Fill the void

Some movies are little pieces of jewelry that are meant to catch your eye at once with their exquisite embroidery. Fill the void is such a movie, delicately artisaned by Rama Burshtein, the first Orthodox Jewish woman to direct a film. Written, directed and edited with care and much passion, the movie feels precious and powerful, similar to a piece of ornament embellishing the body of a woman with a powerful spirit.

Shira Mendelman, the main character, is a gem in the eyes of her mother, her father and her married sister, Esther. Still young, Shira will soon become the apple of a man's eye as her mother is getting ready for her youngest's future marriage. As it is in life, plans get easily spoilt when, on Purim, Esther dies at childbirth. Devastated by such tragedy, Shira starts taking care of her infant nephew, Mordechai, her only comfort being her accordion. When Esther's mother-in-law pays a visit to Mrs. Mendelman to inform her that her son, Yochay, is thinking of marrying a woman and going to Belgium, the prospect of losing her grandchild fills her with despair and she starts thinking of a plan to keep both little Mordechai and Yochay close to the family. Her grief and distress are projected on Shira who is at first shocked by the her mother's suggestion. Yochay is more open to the idea and starts looking at Shira with different eyes, taking a liking to the budding woman in front of him. And Shira finds herself trapped between duty and her heart's desire, like all those Romantic female characters that seemed to have impressed Rama Burshtein, the director of the movie.

To the unfamiliar eye, the movie is a crack in a closed egg that sheds a ray of light on the rather unknown community of Orthodox (Haredi) Judaism. It may fill a void in our minds or it may simply resonate with the Jane Austen stories in our heads, on love and marriage. Either way, it is a sensitive movie that speaks of the choice the young women are given when picking a husband, rather than of the male perspective upon the issue of married life. Shira has the right age for marriage and though she is part of a community where parents and relatives have a saying in this matter, the final choice is hers. Crises of all sorts are settled within the community and the rabbi advises people or simply offers them money for their needs. So, when Shira is confronted with the possibility of marrying her brother-in-law, she is trapped between her duty towards her parents, her devotion to the community and her own feelings. Unable to switch from brotherly feelings to seeing Yochai as a potential husband, she speaks her mind and the arrangement is off.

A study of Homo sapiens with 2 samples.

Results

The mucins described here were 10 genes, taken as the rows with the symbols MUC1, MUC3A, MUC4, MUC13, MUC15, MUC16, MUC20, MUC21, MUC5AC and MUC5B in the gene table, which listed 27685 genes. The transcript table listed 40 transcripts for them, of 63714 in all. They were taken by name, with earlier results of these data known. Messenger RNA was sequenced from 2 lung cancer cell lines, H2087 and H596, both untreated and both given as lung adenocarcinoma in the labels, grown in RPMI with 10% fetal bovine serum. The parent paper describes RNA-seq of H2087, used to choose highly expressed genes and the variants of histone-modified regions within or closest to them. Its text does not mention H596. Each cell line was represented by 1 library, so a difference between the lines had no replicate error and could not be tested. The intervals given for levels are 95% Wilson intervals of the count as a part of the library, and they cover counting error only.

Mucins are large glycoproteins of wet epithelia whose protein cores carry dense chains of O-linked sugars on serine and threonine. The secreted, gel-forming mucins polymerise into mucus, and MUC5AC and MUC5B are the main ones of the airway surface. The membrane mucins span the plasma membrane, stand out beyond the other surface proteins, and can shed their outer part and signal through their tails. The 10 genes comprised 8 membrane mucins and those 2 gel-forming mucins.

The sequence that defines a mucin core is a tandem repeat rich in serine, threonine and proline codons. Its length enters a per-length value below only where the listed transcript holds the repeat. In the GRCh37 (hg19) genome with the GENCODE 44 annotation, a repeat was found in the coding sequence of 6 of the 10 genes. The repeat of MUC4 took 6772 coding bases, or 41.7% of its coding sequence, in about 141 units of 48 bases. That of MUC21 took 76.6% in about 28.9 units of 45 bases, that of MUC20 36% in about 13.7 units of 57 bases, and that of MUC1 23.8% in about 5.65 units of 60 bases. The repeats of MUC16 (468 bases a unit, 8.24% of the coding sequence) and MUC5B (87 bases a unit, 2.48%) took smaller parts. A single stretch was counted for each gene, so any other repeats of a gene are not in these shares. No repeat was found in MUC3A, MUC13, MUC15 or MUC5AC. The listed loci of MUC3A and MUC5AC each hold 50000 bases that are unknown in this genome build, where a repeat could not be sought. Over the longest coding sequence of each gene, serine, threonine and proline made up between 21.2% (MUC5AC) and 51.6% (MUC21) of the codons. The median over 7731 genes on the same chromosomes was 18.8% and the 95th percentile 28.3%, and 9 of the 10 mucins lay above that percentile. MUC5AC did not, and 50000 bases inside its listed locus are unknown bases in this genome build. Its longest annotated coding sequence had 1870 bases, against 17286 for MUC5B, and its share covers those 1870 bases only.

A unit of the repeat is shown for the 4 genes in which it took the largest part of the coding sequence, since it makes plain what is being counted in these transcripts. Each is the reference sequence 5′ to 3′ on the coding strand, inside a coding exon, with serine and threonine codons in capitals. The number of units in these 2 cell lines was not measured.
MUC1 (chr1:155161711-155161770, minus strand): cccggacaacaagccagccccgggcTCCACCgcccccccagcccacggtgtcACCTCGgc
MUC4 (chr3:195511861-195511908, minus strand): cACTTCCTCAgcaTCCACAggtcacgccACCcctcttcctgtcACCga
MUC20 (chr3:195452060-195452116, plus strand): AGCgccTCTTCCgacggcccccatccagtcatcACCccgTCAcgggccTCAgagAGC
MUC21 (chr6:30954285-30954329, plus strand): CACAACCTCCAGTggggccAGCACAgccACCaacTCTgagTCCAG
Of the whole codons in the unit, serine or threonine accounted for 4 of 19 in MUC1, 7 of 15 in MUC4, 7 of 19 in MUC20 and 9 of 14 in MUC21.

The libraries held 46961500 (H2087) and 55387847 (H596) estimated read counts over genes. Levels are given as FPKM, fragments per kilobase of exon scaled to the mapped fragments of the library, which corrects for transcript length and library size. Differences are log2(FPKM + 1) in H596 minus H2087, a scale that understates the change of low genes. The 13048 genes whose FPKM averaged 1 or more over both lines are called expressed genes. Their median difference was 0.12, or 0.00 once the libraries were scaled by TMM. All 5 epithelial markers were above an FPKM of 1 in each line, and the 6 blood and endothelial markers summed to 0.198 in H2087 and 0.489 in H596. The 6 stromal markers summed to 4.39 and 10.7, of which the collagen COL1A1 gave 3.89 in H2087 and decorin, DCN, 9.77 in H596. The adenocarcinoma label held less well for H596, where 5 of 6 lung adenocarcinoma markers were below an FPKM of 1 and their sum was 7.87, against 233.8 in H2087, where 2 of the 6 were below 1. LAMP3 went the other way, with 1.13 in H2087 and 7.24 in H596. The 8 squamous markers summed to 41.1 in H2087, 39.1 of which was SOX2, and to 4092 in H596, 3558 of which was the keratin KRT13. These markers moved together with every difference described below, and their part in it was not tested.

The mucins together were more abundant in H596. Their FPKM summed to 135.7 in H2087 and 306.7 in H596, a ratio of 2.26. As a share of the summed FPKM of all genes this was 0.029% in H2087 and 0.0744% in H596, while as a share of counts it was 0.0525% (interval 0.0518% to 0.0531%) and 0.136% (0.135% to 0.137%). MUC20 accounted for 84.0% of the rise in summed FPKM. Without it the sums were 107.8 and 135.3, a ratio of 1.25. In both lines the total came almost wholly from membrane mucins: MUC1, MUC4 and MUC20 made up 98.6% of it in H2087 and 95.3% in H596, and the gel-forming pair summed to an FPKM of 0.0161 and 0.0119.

In a different kind of movie, in a dissimilar kind of culture, Shira might have embarked on a soul-searching journey or even taken a radical path in life; however, Rama Burshtein loves her community and her traditions. Shira, as the embodiment of these women's empowerment, is dear to her as well. And the eighteen-year-old girl makes a mature decision and follows into the footsteps of all the other women before her. Marriage is the fulfilment she is looking for, yet it will not shatter her fear of dying. Taking her dead sister's place might lead to the same unfortunate denouement and Shira is afraid of dying. Her wedding night finds her, back against the wall, gazing in the eyes of an unknown man. The answers belong to us and to the faith we put in love and marriage. To the enthusiasts, the possibility of romance lurks around the corner, to the pessimists, this is but the painful way, life rewrites itself.